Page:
EconoMonitor

Don't Shoot the Messenger

The Baltic States May Soon Follow Hungary Into IMF Receivership

Well, the Icelandic aithorities seem to have bitten the bullet, and after some coming and going agreed to accept assistance from the IMF. An IMF mission is on the island preparing a plan which will then be put to the Icelandic government (protocols here are important). Under negotiation are the terms of any possible loan. According to Einar Karl Haraldsson (a political adviser to the Icelandic government) the plan is expected to be finalized in the next few days, after which the government will have to decide whether to accept the aid and the terms under which it is being offered.

Meantime a growing number of countries now seem to be at risk of following Iceland and Hungary into the arms of the IMF, with the Baltic republics of Estonia, Latvia and Lithuania now looking particularly vulnerable, according to a warning from the International Monetary Fund itself yesterday.

Dominique Strauss-Kahn, managing director of the IMF, which was formally approached yesterday for assistance by Hungary as well as Iceland, said: “The fallout for most banking systems in emerging and developing economies has been limited so far but signs of stress are growing, ” Strauss-Kahn said some banks in eastern Europe have become increasingly exposed to struggling property markets, having raised funds on international money markets in the same way as the ill-fated Icelandic banks.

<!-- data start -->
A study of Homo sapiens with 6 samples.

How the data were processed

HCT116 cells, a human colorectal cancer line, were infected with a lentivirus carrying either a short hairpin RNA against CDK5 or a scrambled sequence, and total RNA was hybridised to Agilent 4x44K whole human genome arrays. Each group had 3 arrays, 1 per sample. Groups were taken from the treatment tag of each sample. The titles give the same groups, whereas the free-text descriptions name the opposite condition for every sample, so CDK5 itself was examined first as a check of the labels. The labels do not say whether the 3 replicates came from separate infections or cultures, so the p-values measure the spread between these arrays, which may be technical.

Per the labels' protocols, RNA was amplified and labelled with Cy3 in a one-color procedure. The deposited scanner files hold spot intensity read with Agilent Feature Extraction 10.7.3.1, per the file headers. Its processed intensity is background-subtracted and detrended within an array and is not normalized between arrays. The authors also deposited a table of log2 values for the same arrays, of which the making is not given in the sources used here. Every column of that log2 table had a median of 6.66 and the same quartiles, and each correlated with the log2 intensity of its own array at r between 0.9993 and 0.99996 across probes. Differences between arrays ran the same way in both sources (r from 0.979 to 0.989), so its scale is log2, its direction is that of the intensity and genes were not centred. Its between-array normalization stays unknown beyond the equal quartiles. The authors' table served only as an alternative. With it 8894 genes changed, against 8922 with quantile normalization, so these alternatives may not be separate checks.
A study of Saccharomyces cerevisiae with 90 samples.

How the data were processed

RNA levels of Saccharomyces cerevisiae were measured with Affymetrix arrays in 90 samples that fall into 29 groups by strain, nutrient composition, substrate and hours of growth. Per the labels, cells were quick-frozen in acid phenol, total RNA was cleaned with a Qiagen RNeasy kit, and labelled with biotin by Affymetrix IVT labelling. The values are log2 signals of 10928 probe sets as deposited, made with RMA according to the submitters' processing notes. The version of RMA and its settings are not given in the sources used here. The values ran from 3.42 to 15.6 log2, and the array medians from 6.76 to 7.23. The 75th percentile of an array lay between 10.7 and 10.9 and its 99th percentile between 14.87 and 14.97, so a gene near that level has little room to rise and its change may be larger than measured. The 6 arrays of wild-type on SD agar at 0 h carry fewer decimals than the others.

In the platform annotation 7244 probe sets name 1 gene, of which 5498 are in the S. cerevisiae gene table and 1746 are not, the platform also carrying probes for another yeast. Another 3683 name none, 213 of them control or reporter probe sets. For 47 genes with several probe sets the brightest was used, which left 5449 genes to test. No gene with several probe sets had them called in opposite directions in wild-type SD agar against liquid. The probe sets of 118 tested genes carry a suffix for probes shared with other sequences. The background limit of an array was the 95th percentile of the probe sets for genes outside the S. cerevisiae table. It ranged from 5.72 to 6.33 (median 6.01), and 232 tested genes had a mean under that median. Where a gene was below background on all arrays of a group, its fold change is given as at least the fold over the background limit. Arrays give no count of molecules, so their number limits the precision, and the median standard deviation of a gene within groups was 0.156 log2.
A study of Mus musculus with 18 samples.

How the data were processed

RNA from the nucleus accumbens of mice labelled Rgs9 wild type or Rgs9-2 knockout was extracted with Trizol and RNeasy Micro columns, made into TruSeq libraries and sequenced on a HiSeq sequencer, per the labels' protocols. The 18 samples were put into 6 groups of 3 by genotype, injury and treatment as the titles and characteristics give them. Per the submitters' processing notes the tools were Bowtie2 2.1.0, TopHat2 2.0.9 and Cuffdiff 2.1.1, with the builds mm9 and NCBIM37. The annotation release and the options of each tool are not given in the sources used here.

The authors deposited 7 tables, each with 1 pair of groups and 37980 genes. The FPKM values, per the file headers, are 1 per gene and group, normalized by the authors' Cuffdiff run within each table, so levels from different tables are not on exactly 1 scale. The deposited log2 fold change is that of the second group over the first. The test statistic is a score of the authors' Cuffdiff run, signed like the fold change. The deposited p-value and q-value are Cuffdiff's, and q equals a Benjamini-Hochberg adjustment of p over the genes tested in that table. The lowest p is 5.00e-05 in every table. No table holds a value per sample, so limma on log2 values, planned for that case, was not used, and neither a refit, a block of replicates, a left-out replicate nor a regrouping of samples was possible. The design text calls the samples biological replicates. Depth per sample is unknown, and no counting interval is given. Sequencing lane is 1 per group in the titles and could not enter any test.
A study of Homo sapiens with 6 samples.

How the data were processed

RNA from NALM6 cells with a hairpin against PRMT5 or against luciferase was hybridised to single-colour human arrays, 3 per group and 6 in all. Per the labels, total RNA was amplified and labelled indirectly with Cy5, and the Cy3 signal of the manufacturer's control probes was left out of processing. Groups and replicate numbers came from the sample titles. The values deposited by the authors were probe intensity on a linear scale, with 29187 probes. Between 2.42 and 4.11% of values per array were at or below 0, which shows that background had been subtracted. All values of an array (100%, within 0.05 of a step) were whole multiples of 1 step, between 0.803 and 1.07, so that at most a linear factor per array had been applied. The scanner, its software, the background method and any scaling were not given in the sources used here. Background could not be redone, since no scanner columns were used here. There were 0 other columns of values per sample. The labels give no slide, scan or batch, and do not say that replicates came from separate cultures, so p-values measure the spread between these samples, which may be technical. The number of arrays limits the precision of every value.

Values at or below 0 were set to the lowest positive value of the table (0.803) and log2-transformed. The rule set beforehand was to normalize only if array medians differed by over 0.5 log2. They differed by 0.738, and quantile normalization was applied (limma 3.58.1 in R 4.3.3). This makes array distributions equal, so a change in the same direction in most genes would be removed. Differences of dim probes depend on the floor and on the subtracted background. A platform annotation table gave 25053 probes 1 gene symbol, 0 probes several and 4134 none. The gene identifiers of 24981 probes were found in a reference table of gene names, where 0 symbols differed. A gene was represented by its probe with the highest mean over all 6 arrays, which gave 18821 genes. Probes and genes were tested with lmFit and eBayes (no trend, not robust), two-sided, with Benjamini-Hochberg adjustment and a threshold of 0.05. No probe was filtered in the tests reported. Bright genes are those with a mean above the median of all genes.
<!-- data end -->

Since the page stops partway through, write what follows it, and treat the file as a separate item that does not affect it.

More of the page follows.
For the time being the various national governments are denying the possibility, with Edgars Vaikulis, spokesman for Prime Minister Ivars Godmanis, being quoted in Bloomberg as saying “There is no reason to speak of threats to the Latvian financial system……Latvia’s situation is different from some of the eurozone members.”

I’m sure that the latter statement is true, even if not in the sense that Vaikulis meant. Nonetheless the Latvian government has taken the step of raising guarantees on all bank deposits to 50,000 euros ($68,225), in line with an earlier decision by European Union finance ministers.

In my view the threat to the Baltic financial systems is real, as is the threat to the Bulgarian and Romanian ones. Action, of some form or another needs to be taken, and soon. For a thorough analysis of the current threat to the Baltic economies, see this whopping post this morning from Claus Vistesen.


Originally published at A Fistful of Euros on Oct 14, 2008 and reproduced here with the author’s permission.

2 Responses to “The Baltic States May Soon Follow Hungary Into IMF Receivership”

LithuanianOctober 16th, 2008 at 5:23 am

Your sensationalist entry is simply ridiculous. Hungary is NOT in ‘IMF receivership’, so logically enough Baltic states cannot follow her there, where she is not.